Approximately 18 million American men and women have low bone mass, or osteopenia, and another 10 million have osteoporosis. After reaching 50 years of age one-in-two women will suffer from an osteoporosis caused bone fracture, while one-in-eight men will develop a bone fracture during their lifetime. Nutritional strategies play an important role in preventing osteoporosis.
Osteoporosis, which means "porous bone", causes bone fragility and a corresponding increased risk for bone fractures. The disease can develop at any age, but the risk of developing osteoporosis increases with age. Calcium, magnesium, and vitamin D nutritional deficiencies can contribute to osteoporosis as can high protein consumption. Lack of exercise, excessive intake of caffeine and alcohol, and smoking are additional risk factors of developing this condition. Genetic factors such as a small-boned, thin frame, family history of osteoporosis, and being of Asian or Caucasian ethnicity are also linked to osteoporosis.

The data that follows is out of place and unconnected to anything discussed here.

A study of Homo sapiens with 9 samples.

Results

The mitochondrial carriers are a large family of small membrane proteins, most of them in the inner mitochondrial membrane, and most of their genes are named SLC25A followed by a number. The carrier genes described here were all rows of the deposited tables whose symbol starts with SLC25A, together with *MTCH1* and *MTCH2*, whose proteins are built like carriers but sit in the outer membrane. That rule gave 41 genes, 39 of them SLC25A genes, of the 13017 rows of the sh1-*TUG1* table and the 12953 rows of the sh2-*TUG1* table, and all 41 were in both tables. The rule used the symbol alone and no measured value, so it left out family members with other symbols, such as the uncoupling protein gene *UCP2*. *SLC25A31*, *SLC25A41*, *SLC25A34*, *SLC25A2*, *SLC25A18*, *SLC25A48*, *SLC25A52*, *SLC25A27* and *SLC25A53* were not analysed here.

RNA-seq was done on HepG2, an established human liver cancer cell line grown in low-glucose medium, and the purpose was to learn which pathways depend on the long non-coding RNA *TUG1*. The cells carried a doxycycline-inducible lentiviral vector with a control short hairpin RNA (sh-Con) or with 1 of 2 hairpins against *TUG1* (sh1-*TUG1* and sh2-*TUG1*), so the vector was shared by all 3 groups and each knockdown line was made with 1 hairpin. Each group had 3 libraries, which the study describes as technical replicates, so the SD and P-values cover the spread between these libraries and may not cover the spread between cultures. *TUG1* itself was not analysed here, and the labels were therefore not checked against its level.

Preventing osteoporosis involves developing anti-aging strategies early on, including up to age 40 and continuing throughout life. You're less likely to develop osteoporosis the more bone mass you have by the time you reach 35 years of age. Consuming the Reference Daily Intake, or RDI, levels of calcium is an anti-aging strategy that helps to prevent age-related osteoporosis.
Currently, 1,000 mg per day is the RDI for calcium. Because the ability to absorb adequate calcium decreases with age, it's important also focus in on factors that affect calcium absorptions, like excess dietary fiber intake, vitamin D deficiencies, inadequate magnesium consumption, and certain medications that may hinder calcium absorption. Another common low gastric acid production condition common in the elderly, called hypochlorhydria, can also interfere with calcium absorption. People who have these conditions should speak with their Rochester Hills physician to obtain dietary advice adjustment to ensure they are absorbing enough calcium.